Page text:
North Korean cargo ship seized by U.S.
Washington says it detained vessel last year for alleged sanctions violations
The U.S. has revealed it seized a North Korean cargo ship last year, after it was allegedly used to violate international sanctions, a first-of-its-kind enforcement action that comes amid a tense moment in relations between the two countries.
North Korea's second largest cargo ship, the Wise Honest, was detained in April 2018 as it travelled toward Indonesia and is in the process of being moved to American Samoa, U.S. Justice Department officials said.
Officials made the announcement hours after the North fired two suspected short-range missiles toward the sea, a second weapons launch in five days and a possible signal that stalled talks over its nuclear weapons program are in trouble. The public disclosure that the vessel is now in U.S. custody may further inflame tensions, though U.S. officials said the timing of their complaint was not a response to the missile launch.
Justice Department lawyers laid out the case for confiscating the ship in a complaint filed in New York, arguing that payments for maintenance and operation of the vessel were channeled through U.S. financial institutions in violation of American law. The coal trade itself is also believed to fund the isolated country's nuclear weapons and ballistic missile programs.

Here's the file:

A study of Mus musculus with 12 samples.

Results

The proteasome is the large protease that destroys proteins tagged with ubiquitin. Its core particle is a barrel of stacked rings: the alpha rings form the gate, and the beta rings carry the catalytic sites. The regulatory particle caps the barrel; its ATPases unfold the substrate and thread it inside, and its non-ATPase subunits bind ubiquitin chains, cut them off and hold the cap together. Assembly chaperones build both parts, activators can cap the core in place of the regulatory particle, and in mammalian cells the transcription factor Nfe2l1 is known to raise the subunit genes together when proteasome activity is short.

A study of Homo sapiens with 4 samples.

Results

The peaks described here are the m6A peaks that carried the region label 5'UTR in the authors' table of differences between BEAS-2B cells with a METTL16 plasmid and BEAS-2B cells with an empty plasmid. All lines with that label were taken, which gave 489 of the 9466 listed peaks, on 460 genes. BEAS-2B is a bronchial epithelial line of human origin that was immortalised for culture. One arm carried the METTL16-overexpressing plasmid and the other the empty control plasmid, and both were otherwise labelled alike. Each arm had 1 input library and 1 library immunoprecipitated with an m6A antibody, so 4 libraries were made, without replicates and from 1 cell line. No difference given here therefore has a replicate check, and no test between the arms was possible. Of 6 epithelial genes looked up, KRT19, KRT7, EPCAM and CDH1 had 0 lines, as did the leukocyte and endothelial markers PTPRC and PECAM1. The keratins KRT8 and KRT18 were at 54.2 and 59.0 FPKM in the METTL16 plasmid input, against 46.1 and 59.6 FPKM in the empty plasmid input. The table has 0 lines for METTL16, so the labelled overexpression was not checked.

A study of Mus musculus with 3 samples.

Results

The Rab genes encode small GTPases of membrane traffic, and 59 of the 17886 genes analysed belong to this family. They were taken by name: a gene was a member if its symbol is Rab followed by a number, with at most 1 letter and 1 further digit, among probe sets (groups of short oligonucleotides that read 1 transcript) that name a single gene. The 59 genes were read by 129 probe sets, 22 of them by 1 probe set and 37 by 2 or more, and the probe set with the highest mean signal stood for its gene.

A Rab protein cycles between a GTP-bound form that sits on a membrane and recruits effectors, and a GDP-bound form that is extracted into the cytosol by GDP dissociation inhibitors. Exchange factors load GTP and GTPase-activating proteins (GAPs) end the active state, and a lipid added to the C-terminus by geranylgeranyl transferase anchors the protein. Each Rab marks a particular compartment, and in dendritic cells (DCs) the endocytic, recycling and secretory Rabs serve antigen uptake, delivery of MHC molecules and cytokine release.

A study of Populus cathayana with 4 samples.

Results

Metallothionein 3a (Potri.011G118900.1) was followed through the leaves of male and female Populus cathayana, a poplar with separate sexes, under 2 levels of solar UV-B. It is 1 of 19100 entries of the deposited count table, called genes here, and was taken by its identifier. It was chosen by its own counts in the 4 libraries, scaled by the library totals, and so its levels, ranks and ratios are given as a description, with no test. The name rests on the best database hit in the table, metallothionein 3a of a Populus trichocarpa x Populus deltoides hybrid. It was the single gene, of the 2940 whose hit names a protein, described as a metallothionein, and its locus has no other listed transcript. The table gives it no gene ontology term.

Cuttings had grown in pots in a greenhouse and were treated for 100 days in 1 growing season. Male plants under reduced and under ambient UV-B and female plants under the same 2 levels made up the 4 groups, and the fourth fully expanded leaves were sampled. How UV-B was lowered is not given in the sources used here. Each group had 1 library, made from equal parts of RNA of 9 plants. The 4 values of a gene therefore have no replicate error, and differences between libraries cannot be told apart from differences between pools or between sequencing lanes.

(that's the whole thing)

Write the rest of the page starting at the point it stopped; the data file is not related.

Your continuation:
"This sanctions-busting ship is now out of service," said assistant attorney general John Demers, the Justice Department's top national security official.
The 177-metre ship was used to transport North Korean coal to China, Russia and other countries, generating badly needed revenue to a country that is under UN sanctions because of its nuclear weapons program. It also delivered heavy machinery to North Korea.
The vessel was owned by a subsidiary of a North Korean shipping company that is controlled by the country's military and is on a Treasury Department sanctions list.
North Korea sought to disguise the ship's operations by listing various other countries for its nationality and the origin of its cargo, according to the complaint. The ship, in what U.S. officials say was a clear act of concealment, also turned off an automatic signal system intended to alert other ships of its course and location.
Indonesian authorities intercepted and seized the Wise Honest in the East China Sea a month after it was photographed at the port of Nampo, North Korea, where it took on a load of coal. The captain of the ship was charged in Indonesia with violating that country's maritime laws and convicted, the complaint says. It was not immediately clear what happened to the crew.
The U.S. has prosecuted people and businesses for violating sanctions but has never before seized a North Korean ship. The country will have an opportunity to contest the seizure in court. If the U.S. prevails, it will be able to sell the vessel.
"When nations who have stated an intent to do harm to the United States evade international sanctions, Americans become less safe," said Geoffrey Berman, the United States attorney for the Southern District of New York.
U.S. President Donald Trump and North Korean leader Kim Jong-un have held two summits focused on the North's nuclear program but have made no discernible progress toward a deal that would eliminate its weapons.